Updated at 3:05 p.m. Dec. 14, 2012
Twenty-seven people, including 20 children under 10, died in a school massacre Friday morning in Newtown, CT—the toll exceeding the 21 lives lost in the McDonald’s Massacre of 1984 in San Ysidro.
The gunman in Friday’s tragedy was killed, according to reports. The school’s principal also was reported slain.
Patch editors in Connecticut are updating the story with photos and video. Check the coverage at Newtown Patch.
The latest incident brought painful reminders of the March 5, 2001, shooting at Santana High School where troubled student Charles “Andy” Williams, then 15, opened fire on the campus, killing two students and injuring 13 others.
“We just don’t expect someone coming in our environment and shooting at children,” Patrick Shaw, the previous Santee School District Superintendent, said in reaction to a 2010 school shooting in Carlsbad “That’s the shocking aspect.”
Many Carlsbad-area parents also remember the October 2010 Kelly Elementary School shooting in which a gunman entered the school, fired rounds and shot two young girls in their arms. Nearby construction workers were able to stop the gunman before more harm was done. Carlsbad Unified School District increased police patrols at all area schools Friday.
State Superintendent of Public Instruction Tom Torlakson said: ”This morning’s shooting in Connecticut is a terrible, senseless tragedy. Our grief is made all the deeper when we think of the innocence of the lives lost and the valiant efforts of teachers and school leaders to protect them. Our hearts go out to the victims, their families, and the entire school community.”
Ramona Unified schools Superintendent Robert Graeff told Patch that though Ramona has been “very blessed” to never experience a schoolwide tragedy like the Newtown shooting, precautions are still made by the district.
“We fully understand that we are also not immune to threats from off-campus or from on-campus,” Graeff said in an email. “Maintaining close relationships with our local sheriff and fire departments, ensuring that our emergency drills are current and practiced, and reminding staff to continually stay on guard for potential threats are the primary tools that we use to protect our students and staff.”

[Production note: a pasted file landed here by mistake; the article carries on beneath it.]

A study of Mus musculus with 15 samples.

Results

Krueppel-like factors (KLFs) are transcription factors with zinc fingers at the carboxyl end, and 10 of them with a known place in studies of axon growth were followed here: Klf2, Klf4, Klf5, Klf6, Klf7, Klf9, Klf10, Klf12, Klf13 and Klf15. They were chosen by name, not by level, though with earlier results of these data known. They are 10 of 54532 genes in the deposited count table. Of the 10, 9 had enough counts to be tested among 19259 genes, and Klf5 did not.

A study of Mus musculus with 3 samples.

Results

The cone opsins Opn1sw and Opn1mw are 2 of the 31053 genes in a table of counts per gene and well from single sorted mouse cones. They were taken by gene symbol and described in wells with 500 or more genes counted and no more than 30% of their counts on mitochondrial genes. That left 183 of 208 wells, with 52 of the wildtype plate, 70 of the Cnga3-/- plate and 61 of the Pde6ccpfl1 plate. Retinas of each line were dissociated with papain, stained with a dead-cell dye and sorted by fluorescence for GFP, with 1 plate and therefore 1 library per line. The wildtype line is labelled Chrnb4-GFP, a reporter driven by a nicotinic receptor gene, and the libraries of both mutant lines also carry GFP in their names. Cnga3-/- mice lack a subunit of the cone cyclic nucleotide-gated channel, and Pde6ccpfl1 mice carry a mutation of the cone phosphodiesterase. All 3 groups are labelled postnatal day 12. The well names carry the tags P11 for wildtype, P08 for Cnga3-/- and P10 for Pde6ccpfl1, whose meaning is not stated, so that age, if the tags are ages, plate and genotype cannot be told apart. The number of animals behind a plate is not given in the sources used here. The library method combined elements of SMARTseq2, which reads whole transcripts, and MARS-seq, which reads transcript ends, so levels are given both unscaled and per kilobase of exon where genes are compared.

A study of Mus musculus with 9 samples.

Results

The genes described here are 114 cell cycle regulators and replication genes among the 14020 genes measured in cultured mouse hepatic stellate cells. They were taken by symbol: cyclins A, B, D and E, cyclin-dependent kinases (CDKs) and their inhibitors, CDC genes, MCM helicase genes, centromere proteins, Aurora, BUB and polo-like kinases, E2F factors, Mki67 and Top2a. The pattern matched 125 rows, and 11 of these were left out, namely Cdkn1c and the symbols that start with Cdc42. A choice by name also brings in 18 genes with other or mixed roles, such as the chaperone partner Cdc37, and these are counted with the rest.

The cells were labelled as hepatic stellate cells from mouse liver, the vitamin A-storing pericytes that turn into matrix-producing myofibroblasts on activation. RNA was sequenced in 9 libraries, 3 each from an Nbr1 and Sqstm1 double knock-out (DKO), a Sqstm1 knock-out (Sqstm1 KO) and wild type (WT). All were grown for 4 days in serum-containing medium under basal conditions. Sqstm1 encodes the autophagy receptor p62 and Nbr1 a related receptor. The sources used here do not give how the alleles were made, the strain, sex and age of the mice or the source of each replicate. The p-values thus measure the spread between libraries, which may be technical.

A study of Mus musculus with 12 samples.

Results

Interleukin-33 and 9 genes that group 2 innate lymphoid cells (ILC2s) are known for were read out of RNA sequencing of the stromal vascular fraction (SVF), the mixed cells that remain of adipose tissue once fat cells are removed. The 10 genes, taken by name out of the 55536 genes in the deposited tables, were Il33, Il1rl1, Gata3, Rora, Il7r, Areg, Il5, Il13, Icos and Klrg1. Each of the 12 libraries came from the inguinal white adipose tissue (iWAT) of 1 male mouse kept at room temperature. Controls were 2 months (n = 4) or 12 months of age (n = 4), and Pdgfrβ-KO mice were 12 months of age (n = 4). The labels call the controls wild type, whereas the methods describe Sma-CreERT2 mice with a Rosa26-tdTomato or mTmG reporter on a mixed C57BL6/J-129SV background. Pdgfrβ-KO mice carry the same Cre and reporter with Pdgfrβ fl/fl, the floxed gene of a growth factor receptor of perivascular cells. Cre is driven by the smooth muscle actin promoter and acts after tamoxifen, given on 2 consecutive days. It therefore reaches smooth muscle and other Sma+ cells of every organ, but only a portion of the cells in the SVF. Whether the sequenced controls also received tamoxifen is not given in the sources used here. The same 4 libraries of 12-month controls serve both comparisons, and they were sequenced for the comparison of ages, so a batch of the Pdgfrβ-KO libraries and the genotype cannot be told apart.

Graeff said that each school in Ramona Unified has detailed emergency plans for a “wide variety of potential threats.” Procedures for fires, earthquakes and even intruder alerts are practiced on a “regular basis,” the superintendent said.
“Administrators use these opportunities to remind staff and students of proper procedures for each of the various scenarios,” Graeff said. “Unfortunately, not every situation can ever be anticipated and every school is limited to the amount of safety features and staff we can include.”
Officials of the San Diego Unified School District, the second-largest school district in California with 132,000 students, wrote to parents and guardians.
“Today’s shooting transcends our ability to understand how anyone could commit such an act on innocent children, teachers and caretakers,” said Superintendent Bill Kowba. “All San Diego Unified schools have safety plans that cover all contingencies. We are continually reviewing those plans and training our staff to ensure the safety of our students.
“We also have the expertise of our own school police department who monitor the safety of our school campuses. Our school police and our school staff will have a heightened awareness of security issues during this time.”
Alfredo Aguirre, director of San Diego County Behavioral Health Services, said: “Incidents like this can generate a lot of fear and anxiety that can last a few days or weeks. That’s why it’s important for parents to be aware of their children’s response and be ready to talk openly about it, without providing too many details.
Parents should control the amount of information children have access to and answer their questions simply without dramatizing the incident, Aguirre said. “This helps to diminish fear and anxiety in children,” he said.
Other ideas for dealing with children’s fears are here.
The county operates the Access and Crisis Line seven days a week, 24 hours a day, where people can get help for issues such as depression, anxiety, anger, or other mental health challenges.
The number is 888-724-7240.
The Sandy Hook shooting also revived the issue of gun control.
State Sen. Leland Yee, a Democrat from San Fransisco/San Mateo who has been an advocate for stricter bans on assault rifles in California, sent condolences to the children and families of Newtown.
“In a year with so many appalling acts of gun violence, this is the most shocking of such tragedies,” Yee said in a prepared statement. “While we do not have all the details behind this senseless and unconscionable massacre, it is a sad and horrific reminder of what is possible when guns get into the wrong hands. We must limit access to weapons that can result in such catastrophe and mass murder.”
See more coverage on Newtown Patch:
- Patch Exclusive: 'It Wasn't Me' Man Named as Shooter Writes
- Report: Gunman's Mother Was Target and School's Kindergarten Teacher
- Reaction: Sandy Hook School Shooting
- Police Raid Sandy Hook Home Hours After Shooting
Do you have any relatives in Newtown or know any of the staff at Sandy Hook Elementary School? Please note in the comments or send email to firstname.lastname@example.org.
Patch editors Steven Bartholow, Deanne Goodman, Jennifer Vigil, Melissa Phy, Michelle Mowad and Jennifer Squires contributed to this report.